Wednesday, June 26, 2013

Review: A Dog Walks Into a Nursing Home by Sue Halpern

My grandmother lives in a nursing home and we've been visiting her there for years. She's been in just about every level its possible to be so we've seen the gamut of people living there with her: very engaged, lonely, chatty, angry, happy, depressed, curmudgeonly, mentally agile, living in the past, and just about every other state of being imaginable as well. I don't know if there are any therapy dogs making rounds at my grandmother's home but my mom occasionally takes her dog to visit my grandma and the other residents adore it when Docker visits. Unlike many people, dogs can look beyond the wrinkles, the arthritis-crippled hands, stroke-drooped cheeks, sparse hair, hunched backs, wheelchairs and walkers and into the unchanged heart of an elderly person. They carry no preconceived ideas and the only judgment they offer is over whether a person likes them or not. And this is why some dogs make such wonderful therapy dogs, offering so much love and healing to people, especially those living out their last days, months, years in a home.

Sue Halpern's A Dog Walks Into a Nursing Home details her journey with her lovely, calm labradoodle, Pransky, as Pranny gets certified as a therapy dog and the two of them start visiting the residents at the local county nursing home. Halpern's daughter leaves for college and her husband is often on the road, ushering her into a new phase of life.  Just as Halpern is looking for a new direction to go with her much expanded free time, her dog is also suffering from serious boredom.  Both of them need a new sense of purpose. Halpern stumbles across it in the description of therapy dogs, recognizing Pransky in that description. And then she discovers that there's more to being a therapy dog team than just being willing; there's serious training and a certification process before they can start visiting and helping others.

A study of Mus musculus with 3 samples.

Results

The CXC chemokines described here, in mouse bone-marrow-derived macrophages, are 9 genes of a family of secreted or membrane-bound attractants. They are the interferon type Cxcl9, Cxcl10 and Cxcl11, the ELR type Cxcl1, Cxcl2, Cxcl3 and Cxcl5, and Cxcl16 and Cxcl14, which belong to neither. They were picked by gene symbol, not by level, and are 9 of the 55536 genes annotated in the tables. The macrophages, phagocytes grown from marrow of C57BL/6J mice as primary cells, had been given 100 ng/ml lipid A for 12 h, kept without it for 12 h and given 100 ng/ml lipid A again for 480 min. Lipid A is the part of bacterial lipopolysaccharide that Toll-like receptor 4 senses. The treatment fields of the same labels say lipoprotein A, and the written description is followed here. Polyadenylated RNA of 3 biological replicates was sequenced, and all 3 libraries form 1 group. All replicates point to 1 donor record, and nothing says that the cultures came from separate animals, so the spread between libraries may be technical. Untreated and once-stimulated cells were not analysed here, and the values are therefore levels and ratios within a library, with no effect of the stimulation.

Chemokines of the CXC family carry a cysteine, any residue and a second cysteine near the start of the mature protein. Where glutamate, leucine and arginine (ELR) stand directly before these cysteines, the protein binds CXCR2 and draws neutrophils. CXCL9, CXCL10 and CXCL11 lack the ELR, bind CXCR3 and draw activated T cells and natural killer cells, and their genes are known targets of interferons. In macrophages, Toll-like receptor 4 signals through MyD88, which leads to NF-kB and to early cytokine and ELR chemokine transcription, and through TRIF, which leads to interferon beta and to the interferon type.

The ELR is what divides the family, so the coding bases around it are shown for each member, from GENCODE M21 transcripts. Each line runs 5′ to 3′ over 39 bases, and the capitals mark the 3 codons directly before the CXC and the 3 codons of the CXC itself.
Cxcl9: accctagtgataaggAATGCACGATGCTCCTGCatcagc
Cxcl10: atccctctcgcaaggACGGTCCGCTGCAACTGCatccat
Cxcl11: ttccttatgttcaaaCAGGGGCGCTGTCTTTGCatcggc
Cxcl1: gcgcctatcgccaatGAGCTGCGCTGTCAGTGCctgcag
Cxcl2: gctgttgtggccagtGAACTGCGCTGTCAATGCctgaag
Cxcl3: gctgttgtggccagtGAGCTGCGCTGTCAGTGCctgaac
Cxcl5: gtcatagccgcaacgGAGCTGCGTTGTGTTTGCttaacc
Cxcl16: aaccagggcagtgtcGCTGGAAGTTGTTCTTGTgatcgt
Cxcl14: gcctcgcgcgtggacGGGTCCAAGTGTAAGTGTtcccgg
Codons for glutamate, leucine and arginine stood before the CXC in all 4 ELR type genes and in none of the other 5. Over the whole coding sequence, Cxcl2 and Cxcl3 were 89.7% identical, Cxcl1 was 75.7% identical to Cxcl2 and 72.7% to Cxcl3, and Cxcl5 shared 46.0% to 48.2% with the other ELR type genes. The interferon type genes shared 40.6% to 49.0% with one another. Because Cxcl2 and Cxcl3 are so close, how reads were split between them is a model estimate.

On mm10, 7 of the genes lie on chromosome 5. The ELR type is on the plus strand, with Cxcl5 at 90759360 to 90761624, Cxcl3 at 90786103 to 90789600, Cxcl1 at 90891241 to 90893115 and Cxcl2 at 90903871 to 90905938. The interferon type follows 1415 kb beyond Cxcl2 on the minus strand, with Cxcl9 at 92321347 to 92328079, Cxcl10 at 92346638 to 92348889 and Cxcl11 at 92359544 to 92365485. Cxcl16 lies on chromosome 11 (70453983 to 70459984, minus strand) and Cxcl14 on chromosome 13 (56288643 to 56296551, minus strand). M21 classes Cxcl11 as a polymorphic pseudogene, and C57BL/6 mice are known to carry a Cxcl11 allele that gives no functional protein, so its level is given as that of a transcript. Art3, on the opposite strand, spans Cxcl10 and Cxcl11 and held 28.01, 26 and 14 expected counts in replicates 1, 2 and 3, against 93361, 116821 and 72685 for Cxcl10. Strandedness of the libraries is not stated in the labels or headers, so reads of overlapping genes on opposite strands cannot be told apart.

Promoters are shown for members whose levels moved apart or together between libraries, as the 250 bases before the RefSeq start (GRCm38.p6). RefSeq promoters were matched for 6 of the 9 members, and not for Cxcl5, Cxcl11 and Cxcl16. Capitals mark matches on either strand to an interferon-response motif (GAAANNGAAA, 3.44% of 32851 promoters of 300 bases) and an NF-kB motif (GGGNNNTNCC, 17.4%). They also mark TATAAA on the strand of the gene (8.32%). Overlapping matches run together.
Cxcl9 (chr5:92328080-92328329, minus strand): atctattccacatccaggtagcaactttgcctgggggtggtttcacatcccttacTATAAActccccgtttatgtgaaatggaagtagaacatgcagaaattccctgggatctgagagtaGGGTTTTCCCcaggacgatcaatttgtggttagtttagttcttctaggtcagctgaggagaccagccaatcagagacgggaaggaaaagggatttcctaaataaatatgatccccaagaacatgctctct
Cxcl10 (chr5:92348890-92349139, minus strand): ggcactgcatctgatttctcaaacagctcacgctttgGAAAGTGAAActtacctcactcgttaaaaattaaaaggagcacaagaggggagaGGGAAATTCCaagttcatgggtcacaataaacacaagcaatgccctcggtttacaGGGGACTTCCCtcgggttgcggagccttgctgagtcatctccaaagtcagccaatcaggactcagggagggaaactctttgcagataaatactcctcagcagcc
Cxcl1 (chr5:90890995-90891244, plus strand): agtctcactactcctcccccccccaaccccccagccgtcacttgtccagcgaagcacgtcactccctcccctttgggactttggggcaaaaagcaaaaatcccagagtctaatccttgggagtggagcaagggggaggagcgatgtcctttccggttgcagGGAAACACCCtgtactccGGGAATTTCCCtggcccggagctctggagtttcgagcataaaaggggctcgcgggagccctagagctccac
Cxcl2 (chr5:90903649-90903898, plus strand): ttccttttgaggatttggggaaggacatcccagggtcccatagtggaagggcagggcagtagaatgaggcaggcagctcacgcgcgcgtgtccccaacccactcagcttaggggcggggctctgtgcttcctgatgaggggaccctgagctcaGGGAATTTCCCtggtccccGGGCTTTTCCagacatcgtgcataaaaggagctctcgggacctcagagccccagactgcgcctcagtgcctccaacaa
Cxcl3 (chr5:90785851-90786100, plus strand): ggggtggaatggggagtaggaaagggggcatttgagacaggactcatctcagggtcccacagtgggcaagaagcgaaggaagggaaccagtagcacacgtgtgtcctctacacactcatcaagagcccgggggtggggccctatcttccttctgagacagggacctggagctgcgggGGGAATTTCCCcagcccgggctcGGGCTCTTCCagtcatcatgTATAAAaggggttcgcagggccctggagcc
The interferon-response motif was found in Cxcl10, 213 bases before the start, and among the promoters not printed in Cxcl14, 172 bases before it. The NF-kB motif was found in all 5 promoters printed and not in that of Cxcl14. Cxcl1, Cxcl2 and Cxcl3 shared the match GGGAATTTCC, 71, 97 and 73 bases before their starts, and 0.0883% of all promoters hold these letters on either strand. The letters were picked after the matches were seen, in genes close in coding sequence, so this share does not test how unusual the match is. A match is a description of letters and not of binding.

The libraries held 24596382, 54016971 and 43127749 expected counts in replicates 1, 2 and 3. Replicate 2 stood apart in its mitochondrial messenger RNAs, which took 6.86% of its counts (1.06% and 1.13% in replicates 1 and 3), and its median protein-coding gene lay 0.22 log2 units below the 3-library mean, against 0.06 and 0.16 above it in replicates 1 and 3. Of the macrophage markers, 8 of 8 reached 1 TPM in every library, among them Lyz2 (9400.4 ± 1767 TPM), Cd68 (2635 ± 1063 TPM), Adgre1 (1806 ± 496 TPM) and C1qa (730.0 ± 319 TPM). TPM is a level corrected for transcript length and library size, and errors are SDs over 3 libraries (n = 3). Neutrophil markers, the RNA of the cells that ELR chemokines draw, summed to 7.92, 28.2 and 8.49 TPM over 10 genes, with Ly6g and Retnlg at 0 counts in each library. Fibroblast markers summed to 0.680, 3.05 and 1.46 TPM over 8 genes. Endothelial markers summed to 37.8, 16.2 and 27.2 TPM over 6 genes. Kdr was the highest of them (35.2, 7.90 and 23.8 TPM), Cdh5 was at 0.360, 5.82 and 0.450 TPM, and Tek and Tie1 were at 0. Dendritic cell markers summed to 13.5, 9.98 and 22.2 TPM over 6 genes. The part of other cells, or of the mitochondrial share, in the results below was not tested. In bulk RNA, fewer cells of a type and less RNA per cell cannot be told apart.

The first portion of the book is very much centered on Pransky's background and the training and certification that they do together while the second addresses their work in the home. In both halves though, Halpern offers reflective musings on the seven virtues of a good life: courage, wisdom, justice, restraint, love, hope and faith, and the ways in which their experiences embody these virtues. As an ethics professor, she waxes philosophical, quoting other writers and numerous studies on aging and the benefits of therapy animals. She ponders the reality of aging and our society's tendency to stop viewing the elderly as unique individuals with fascinating life experiences behind them and instead see them as passive and probably uninteresting old people. She examines the reason for the proliferation of nursing homes and the need for such places not only for the elderly but also for disabled young people as well.

The book is very well written but the philosophical digressions overshadow the personal aspects of Halpern and Pranny's experiences, which are likely to be the bits for which the majority of readers are looking. There are some stories about the people she and Pranny meet and their interactions but even those that are included don't fully share who these men and women are. This may be a privacy issue but it definitely causes the narrative to lean much heavier towards the drier research and philosophy angle than the sweet and heartwarming human/dog interest angle. But if a reader goes into it knowing that, this a thoughtful, compassionate, and thought-provoking story for anyone interested in the elderly and the question of dignity in our own mortality.

Thanks to the publisher and LibraryThing Early Reviewers for sending me a copy of this book for review.